Father raises more funds for mental health awareness

Simon Jones raising funds for mental health awareness in the racing community

‘We could have saved a life or two’ – says father who’s mission it is to save lives through fundraising and mental health support

In 2019 Simon Jones tragically lost his son, Tim, to suicide. He was just 17 years old. 

Tim was a popular member of the horseracing community and a member of the team at Micky Hammond’s training yard in Middleham, North Yorkshire. Since the tragedy, Ripon-based Simon has taken on various fundraising challenges to support Racing Welfare’s Mental Health First Aid courses, raising more than £25,000 to date. His latest challenge has seen him take on seven marathons in a year. Having completed London earlier this month, he now sets his sights on the iconic TCS New York Marathon on Sunday 6th November. 

Simon said:


This year I set out on my multiple marathon challenge to build on the fundraising I’d done since Tim’s death, to fund access to even more training places. By the time I get to New York, I’ll have covered 1,500 miles in training, burnt 160,000 calories and taken over 3.6million steps!

I’m really looking forward to taking part in such an iconic marathon. I’m driven by the success we’ve had so far with this training programme, and the thought that we could well have saved a life or two by getting so many mental health first aiders in place in racing’s workplaces.” 

Simon Jones
Simon Jones

With one in four people affected, mental health awareness is a concept the horseracing industry must embrace and embed into its working culture 365 days of the year. Racing Welfare is working hard to achieve this through its programme of First Aid (MHFA) England-accredited training courses.

The charity runs heavily subsidised Mental Health First Aid and Awareness courses up and down the country, both online and in-person. Usually priced at £300 for the two-day first aid training, and £125 for the half-day awareness course, those working in the racing and breeding industries can book for just £80 and £30 respectively – thanks to Simon’s fundraising efforts.

Racing Welfare’s vision is to have a Mental Health First Aider in every workplace in the horseracing industry. A Mental Health First Aider is trained to recognise the early warning signs and symptoms of a person struggling with the issue. The training also helps individuals build confidence to start up a conversation, offer support and, if appropriate, signpost to professional help.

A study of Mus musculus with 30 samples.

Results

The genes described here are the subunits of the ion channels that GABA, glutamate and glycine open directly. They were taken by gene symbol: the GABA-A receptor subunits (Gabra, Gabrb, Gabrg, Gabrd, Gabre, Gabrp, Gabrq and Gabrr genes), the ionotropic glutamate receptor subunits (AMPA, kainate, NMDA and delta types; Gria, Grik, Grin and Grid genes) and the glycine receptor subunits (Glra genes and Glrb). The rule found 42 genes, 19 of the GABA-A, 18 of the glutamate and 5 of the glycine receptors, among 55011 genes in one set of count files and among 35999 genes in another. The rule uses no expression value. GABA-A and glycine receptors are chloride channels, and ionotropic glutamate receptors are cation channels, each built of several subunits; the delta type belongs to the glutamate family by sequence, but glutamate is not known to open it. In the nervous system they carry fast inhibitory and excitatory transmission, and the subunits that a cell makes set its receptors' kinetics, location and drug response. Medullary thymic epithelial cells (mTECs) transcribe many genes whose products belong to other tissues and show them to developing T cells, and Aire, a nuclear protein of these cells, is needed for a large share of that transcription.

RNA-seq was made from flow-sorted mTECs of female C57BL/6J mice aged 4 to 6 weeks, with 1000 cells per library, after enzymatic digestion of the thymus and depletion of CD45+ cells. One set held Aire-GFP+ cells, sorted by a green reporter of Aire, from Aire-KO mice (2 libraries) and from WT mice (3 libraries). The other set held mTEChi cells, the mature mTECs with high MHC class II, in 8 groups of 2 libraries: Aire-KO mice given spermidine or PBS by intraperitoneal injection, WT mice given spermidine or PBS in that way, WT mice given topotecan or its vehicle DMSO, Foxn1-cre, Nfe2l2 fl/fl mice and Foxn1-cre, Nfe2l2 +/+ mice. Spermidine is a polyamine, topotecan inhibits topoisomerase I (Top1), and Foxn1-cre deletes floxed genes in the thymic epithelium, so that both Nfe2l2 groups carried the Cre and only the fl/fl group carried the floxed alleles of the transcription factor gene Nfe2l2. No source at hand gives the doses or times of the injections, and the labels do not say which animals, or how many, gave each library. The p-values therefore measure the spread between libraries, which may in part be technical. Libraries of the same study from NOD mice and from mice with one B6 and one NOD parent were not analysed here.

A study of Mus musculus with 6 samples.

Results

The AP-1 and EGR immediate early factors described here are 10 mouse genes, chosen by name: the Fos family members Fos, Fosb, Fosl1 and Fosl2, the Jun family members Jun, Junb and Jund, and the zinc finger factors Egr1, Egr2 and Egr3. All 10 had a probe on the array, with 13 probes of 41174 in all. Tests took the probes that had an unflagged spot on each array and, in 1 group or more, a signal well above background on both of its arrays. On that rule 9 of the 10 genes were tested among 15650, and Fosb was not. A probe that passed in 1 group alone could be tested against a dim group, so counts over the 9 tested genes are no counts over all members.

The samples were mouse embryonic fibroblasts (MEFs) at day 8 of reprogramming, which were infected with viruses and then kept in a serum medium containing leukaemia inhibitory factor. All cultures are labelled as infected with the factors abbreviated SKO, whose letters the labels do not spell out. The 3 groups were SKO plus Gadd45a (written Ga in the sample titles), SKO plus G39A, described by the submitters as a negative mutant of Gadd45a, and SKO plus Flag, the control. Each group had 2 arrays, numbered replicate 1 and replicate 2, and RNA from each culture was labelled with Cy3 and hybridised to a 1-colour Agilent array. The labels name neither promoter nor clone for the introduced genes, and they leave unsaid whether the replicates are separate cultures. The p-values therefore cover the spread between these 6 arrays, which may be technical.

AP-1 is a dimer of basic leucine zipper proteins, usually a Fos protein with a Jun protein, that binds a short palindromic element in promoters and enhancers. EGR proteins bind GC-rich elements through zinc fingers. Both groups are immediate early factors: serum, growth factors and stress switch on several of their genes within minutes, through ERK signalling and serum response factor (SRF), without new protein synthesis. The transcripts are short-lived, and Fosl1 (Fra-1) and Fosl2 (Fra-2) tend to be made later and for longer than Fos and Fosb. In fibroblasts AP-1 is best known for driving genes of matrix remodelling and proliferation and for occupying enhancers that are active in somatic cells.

Hayley Clements, secretary at Micky Hammond Racing, completed Racing Welfare’s First Aid course in the months after Tim’s death.

Hayley said:

I completed the course in Middleham over two years ago. I found the training very informative and helpful, enabling me to identify when work colleagues are acting differently and how to approach and ask the right questions or just to listen so they feel reassured and at ease. I also learnt to always let new and existing work colleagues know I am always here if they feel they want to speak about anything, however big or small, and that what they say remains confidential. We have a policy at work that we check in on everyone every day just to ask if they are ok. If they have any worries we encourage them to come and talk about it.”

This policy has already greatly enhanced the working environment and culture at the racing stables. When Caitlin Nellis started working at the yard in early 2021, her first full-time job and the first time living away from her family, she found herself in need of emotional support, she says:

I was only 16 at the time, and I was missing home and finding it hard to socialise. It’s such a supportive working environment at Micky’s that people quickly picked up on how I was feeling. Everyone here checks in with each other every day, it filters through the whole team from Micky and the senior staff through to everyone on the ground. That’s how they identified that everything wasn’t quite as it should be with me, and the assistant trainer put me in contact with Racing Welfare so I went to the Middleham office for a few chats with Gail (Welfare Officer).”

Caitlin received emotional support from Racing Welfare’s local welfare team. 

Without that intervention, and the ongoing support I’ve had in the workplace, I’d no doubt have left the yard and the racing industry to move back home. I’ve now been working for Micky for almost two years and am feeling much better about things. I know if I am struggling I have people I can turn to at work and at Racing Welfare.”

Simon Jones reflects on this year’s fundraising efforts:

I set out this year to complete seven marathons, but to be honest New York is going to be my tenth since Tim died, and I can’t see myself stopping! I’ll complete this seven-marathon challenge in Seville in February, but then I already have my sights back on Paris again in April. I’ll need to stock up on trainers!”